A group of scientists have found a single fragment of a diatom in the lower stratosphere (for more info on diatoms, click here) and have jumped to the only obvious conclusion available: that it must have come from space. Published in The* Journal of Cosmology*, the authors describe using an ultra high-tech device, described as “a closeable draw carried by a balloon”, the scientists launched the device from Ellesmere Port, Cheshire, UK. Now, I’m no astrobiologist, but this would seem to violate the first rule of looking for space plankton: AVOID LAUNCHING YOUR SAMPLING BALLOON BY THE SEA! Maybe I’m being overly harsh, I’m sure they accounted for these things. Let’s read the text below from their paper:
You see, the diatom can’t have been a contaminant because “diatoms do not occur on pristine balloons, laboratory air, nor are they associated with laboratory workers.” It’s a water tight argument, except for the fact that this pristine balloon and these laboratory workers had just been to… the SEASIDE!
But wait, the scientists also used a control:
That clinches it then. The use of a single control, where the draw was not opened, is clearly evidence that contamination did not occur, and not just proof that: A) finding a single diatom fragment in the atmosphere is a very rare (but perfectly plausible) event, and B) That this single diatom fragment probably fell into the draw from the surface of the balloon that had just been to the SEASIDE.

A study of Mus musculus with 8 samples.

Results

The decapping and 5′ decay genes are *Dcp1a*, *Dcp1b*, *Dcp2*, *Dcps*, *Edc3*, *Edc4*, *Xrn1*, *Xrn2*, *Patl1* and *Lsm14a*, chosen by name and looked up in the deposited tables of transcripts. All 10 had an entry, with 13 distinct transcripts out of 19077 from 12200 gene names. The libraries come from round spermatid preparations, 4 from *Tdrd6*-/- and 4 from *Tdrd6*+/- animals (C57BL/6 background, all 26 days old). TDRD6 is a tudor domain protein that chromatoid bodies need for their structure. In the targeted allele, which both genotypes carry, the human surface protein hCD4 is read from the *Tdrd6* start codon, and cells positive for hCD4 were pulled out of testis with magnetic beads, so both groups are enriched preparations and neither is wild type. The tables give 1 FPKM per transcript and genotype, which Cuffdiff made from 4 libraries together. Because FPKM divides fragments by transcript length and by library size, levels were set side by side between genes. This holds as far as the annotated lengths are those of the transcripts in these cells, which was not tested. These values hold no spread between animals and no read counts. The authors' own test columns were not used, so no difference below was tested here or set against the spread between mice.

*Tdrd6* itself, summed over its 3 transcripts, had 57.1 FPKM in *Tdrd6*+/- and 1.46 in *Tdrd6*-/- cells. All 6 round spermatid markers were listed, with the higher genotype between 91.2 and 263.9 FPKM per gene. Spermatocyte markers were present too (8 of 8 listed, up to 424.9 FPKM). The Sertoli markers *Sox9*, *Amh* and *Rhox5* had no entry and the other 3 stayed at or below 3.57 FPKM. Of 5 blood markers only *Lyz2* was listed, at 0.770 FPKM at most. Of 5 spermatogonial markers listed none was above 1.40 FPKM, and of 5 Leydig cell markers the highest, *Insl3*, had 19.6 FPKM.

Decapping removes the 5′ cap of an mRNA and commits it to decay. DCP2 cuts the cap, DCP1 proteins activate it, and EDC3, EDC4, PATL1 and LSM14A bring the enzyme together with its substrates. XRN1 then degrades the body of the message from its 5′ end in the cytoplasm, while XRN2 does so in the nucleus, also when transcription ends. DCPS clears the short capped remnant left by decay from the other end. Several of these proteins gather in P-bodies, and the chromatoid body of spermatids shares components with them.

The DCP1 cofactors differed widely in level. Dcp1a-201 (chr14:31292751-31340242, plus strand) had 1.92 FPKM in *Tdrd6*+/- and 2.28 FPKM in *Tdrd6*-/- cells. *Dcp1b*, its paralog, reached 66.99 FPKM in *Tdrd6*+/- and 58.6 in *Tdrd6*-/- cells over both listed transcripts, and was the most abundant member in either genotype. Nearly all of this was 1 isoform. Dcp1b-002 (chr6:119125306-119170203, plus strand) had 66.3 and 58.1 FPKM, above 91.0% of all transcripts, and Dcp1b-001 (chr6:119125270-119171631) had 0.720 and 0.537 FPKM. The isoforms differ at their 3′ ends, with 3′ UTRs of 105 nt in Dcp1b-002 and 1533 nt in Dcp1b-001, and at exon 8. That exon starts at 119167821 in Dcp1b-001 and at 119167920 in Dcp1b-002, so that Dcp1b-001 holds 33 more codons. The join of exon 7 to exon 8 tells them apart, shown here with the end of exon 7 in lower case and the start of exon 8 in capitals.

The scientists mention Occam’s Razor a number of times in their paper, a principle which states that among competing hypotheses, the hypothesis with the fewest assumptions should be selected. I wonder what is more plausible: that a diatom fragment managed to find it’s way into Earth’s lower stratosphere from some far-flung corner of the solar system; or a diatom-like fragment managed to find it’s way into a piece of apparatus whilst somewhere on Earth during a poorly designed experiment.
*Skeptical blogger and biologist PZ Myers said of the journal “… it isn’t a real science journal at all, but is the… website of a small group… obsessed with the idea of Hoyle and Wickramasinghe that life originated in outer space and simply rained down on Earth.”